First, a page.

Employment law changes in 2019

It’s going to be a busy year for employers in 2019 as there are several key employment law changes occurring throughout the year that every employer should be aware of. Ross Pierrepont, a solicitor from Tallents Solicitors in Newark explains how these will affect anyone running a business with employees.

CEO and executive pay gap reporting

From 1st January 2019, regulations made under the Companies Act 2006 will require all UK listed companies with more than 250 UK employees to report annually on the pay gap between their chief executive and their average or ‘ordinary’ worker.

Ross says:

“Although the first set of data isn’t required to be published until 2020, the report will be based on the financial year beginning in 2019, so companies are being urged to give serious thought to this task now.

“There are also several other Pay Gap reporting requirements occurring in 2019 that employers will need to be aware of.”

Gender pay gap reporting

The second set of data on gender pay gap reporting is due no later than 4th April 2019 for companies with at least 250 employees, showing the position as at 5th April 2018.

Ross continues:

“The production of this second set of data is an opportunity for companies to show how they have introduced measures to successfully close any gender pay gap in the last 12 months, or show how they are working actively towards doing so.”

Ethnicity gap reporting

The government is currently undertaking a consultation regarding the possible introduction of mandatory ethnicity pay gap reporting. However, this is in the early stages of consultation and there are many questions still to be answered and issues to be resolved before it could be introduced. Employers should keep in mind that this may possibly be a requirement in the future though.

National Minimum Wage / National Living Wage

On 1st April 2019, the hourly National Minimum Wage (NMW) will increase to £8.21 for those aged 25 and over. Additional increases will apply to the other age brackets bringing their hourly wage up as follows:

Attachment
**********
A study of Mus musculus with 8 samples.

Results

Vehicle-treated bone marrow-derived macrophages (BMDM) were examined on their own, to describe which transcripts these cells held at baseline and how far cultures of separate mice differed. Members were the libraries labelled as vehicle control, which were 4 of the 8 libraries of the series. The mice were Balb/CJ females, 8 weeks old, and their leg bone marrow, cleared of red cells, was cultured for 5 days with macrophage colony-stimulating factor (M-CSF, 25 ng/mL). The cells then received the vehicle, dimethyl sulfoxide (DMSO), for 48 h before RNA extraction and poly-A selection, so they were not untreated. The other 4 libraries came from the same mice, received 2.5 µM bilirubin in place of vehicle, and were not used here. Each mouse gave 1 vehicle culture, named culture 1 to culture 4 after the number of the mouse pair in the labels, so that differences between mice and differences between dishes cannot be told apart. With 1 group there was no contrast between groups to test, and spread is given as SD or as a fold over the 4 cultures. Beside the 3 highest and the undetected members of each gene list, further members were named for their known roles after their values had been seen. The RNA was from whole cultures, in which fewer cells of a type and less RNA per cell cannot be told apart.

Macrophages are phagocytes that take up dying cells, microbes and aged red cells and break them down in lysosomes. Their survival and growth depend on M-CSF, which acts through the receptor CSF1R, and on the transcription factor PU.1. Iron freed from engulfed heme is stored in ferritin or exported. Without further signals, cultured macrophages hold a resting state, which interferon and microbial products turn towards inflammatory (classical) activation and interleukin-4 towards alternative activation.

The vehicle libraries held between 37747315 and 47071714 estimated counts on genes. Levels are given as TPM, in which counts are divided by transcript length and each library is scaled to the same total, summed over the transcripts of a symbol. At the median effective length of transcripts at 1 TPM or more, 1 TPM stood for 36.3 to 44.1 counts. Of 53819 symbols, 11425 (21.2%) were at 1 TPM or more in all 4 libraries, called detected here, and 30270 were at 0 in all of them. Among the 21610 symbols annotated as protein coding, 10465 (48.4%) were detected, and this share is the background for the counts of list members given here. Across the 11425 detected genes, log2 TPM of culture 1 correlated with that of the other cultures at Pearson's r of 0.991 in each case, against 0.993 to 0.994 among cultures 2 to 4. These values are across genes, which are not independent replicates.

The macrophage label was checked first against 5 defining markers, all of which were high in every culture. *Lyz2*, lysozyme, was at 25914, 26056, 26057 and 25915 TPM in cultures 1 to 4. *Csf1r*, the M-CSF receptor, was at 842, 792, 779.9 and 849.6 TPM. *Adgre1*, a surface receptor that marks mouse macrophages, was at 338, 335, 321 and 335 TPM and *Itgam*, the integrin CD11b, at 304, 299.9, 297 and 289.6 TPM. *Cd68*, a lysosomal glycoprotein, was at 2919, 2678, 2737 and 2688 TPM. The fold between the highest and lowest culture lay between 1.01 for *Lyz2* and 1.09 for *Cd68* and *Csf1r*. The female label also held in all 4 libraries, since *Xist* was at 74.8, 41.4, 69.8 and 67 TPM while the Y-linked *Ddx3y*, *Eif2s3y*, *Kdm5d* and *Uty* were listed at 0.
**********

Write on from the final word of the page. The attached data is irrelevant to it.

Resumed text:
• 21 to 24 - £7.70,
  • 18 to 20 - £6.15,
  • Under 18 - £4.35,
  • Apprentice rate for workers under 19 or in first year of apprenticeship - £3.90.

Ross says:

“This increase to the NMW will apply to all workers falling into these age brackets and will also apply to holiday and auto-enrolment pension calculations too. All employers must ensure they pay these new rates, otherwise they risk a maximum fine of £20,000 per worker.”

Automatic enrolment pensions

From 6th April 2019, employers may be required to increase the amount of their contributions into their automatic enrolment pension.

Prior to April 2018, the auto enrolment total minimum contribution was 2%, with at least 1% being paid by the employer. In April 2018, this minimum increased to 5%, of which at least 2% must be paid by the employer. As of 6th April 2019, the minimum will rise to 8%, of which at least 3% must be paid by the employer.

Ross comments:

“Employers will need be keep on top of these changes and will need to plan their budgets accordingly.  It is also important that employers ensure that they inform their employees of any changes in advance of them being implemented.”

Changes to pay slips

From 6th April 2019, two key changes will affect employee’s pay slip information:

  • Payslips must be given to everyone, employees and ‘workers’.
  • The total number of hours worked where the pay varies according to the hours worked, e.g. under variable hours of zeros hour contracts.

Ross finishes:

“2019 is proving to be a very busy year on the employment law front. As we’ve seen, these are just some of the significant employment law changes occurring this year which employers must comply with.

“At Tallents Solicitors, we understand that this can be a confusing and complicated area of law for employers to stay aware of and remain compliant with. If any employers have concerns regarding the legal and regulatory areas raised in this article or any of the employment law changes occurring in 2019, then our employment law specialists at Tallents can advise and support you.”